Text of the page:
Amazon Wants to Fix Grocery Delivery

Amazon Wants to Fix Grocery Delivery
Grocery and other forms of retail delivery, of course, promise to be important factors in the holiday shopping season.

Amazon is working on a fix for a problem that challenged food retailers earlier in the pandemic — long virtual lines for grocery delivery spots for online shoppers.

According to an interview that Stephanie Landry, Amazon’s VP of grocery, gave to Recode, “Amazon has now come up with a solution if there are large spikes in demand this fall and winter, whether because of a jump in COVID-19 cases, a surge in other illnesses (like the flu), or bad weather.”

As Landry told it, in the event that a shopper can't secure a preferred delivery time when placing an order, that customer will receive a notice when a spot becomes available. The technology reportedly will apply to orders placed with Amazon Fresh or Whole Foods.

The feature, according to Recode, amounts to enabling customers “to reserve a virtual place in line when there is no immediate availability over the next few days. Once a shopper signs up, they are given an estimate for when delivery availability will open up, and, when it does, the company notifies them and gives them two hours to place their order.”

Further comment from Amazon wasn't immediately available. The retailer reportedly is testing the technology in the United Kingdom, and Landry said the feature could debut in the United States in “the coming months.”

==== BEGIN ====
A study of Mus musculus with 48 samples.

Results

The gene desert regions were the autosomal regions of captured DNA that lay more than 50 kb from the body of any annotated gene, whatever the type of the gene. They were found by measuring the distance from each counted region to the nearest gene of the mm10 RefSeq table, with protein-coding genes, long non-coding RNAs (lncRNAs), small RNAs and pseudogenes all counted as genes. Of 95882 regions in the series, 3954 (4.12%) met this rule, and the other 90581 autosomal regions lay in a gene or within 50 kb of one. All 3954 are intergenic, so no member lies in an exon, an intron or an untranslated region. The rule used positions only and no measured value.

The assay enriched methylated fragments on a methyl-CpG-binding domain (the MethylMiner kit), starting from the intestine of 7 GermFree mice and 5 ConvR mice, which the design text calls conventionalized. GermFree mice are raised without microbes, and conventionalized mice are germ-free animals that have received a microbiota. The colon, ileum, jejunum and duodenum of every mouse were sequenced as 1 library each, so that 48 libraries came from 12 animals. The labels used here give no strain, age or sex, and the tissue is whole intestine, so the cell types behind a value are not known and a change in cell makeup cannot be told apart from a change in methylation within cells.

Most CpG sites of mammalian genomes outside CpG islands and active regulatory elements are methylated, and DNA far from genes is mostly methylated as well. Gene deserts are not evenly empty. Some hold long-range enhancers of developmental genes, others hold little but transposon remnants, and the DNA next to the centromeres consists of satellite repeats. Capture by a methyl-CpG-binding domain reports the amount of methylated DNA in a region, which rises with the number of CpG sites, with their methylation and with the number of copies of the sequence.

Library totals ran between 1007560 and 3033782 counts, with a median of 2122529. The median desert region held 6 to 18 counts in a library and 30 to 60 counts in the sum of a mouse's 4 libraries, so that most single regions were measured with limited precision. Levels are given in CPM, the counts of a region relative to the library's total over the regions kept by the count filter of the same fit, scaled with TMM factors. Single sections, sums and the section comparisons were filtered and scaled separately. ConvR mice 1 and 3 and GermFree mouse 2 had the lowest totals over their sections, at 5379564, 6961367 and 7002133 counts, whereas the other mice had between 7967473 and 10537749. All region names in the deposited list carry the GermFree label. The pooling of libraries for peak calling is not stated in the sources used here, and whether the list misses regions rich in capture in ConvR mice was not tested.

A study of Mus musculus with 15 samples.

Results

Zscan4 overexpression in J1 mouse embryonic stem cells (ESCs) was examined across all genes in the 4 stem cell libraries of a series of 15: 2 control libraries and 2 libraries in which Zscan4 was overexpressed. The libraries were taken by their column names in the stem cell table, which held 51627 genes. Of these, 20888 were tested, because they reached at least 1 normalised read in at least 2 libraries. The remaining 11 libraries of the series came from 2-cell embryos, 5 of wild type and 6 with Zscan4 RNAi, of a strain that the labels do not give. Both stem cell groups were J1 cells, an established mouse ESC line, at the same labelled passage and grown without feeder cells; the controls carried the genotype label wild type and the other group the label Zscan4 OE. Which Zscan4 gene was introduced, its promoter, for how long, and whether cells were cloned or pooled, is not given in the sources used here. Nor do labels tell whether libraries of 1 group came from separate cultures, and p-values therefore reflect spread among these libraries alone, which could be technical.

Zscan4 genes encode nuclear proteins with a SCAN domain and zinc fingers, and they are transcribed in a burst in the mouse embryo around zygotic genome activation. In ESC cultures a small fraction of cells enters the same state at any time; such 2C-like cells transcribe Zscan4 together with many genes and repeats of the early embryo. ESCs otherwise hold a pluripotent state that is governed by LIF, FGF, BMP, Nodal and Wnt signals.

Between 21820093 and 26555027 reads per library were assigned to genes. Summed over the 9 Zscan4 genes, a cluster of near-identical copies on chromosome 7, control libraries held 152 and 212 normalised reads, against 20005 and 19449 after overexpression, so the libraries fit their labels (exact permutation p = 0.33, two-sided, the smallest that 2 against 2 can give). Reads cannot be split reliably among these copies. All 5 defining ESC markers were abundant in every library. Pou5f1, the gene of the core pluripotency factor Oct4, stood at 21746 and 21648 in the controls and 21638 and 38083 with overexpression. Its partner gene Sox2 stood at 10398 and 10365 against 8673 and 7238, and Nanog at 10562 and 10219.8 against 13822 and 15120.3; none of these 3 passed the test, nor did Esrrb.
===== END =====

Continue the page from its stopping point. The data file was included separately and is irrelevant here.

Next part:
Grocery and other forms of retail delivery, of course, promise to be important factors in the holiday shopping season.

Recent evidence of that comes from San Francisco-based Instacart, which is fresh off a $200 million funding round, further solidifying the company's position as a leader in grocery e-commerce. The investment comes as consumer demand for Instacart’s online grocery delivery and pickup services continues to grow and the company expands its marketplace with new and existing retail partners. Instacart has continued to team up with new retailers over the past year, and today the company partners with more than 500 retailers and delivers from nearly 40,000 store locations across the United States and Canada. 

Additionally, Birmingham, Alabama-based grocery delivery service Shipt recently said that it would hire an additional 100,000 shoppers this holiday season amid unrelenting demand for grocery delivery from the American consumer.

No. 2 on The PG 100, Progressive Grocer’s 2020 list of the top food and consumables retailers in North America, Seattle-based Amazon is also planning new grocery stores in the Los Angeles and Philadelphia markets, according to recent media reports. Amazon-owned Whole Foods, based in Austin, Texas, is No. 24 on the list, while Minneapolis-based Target, parent company of Shipt, is No. 7.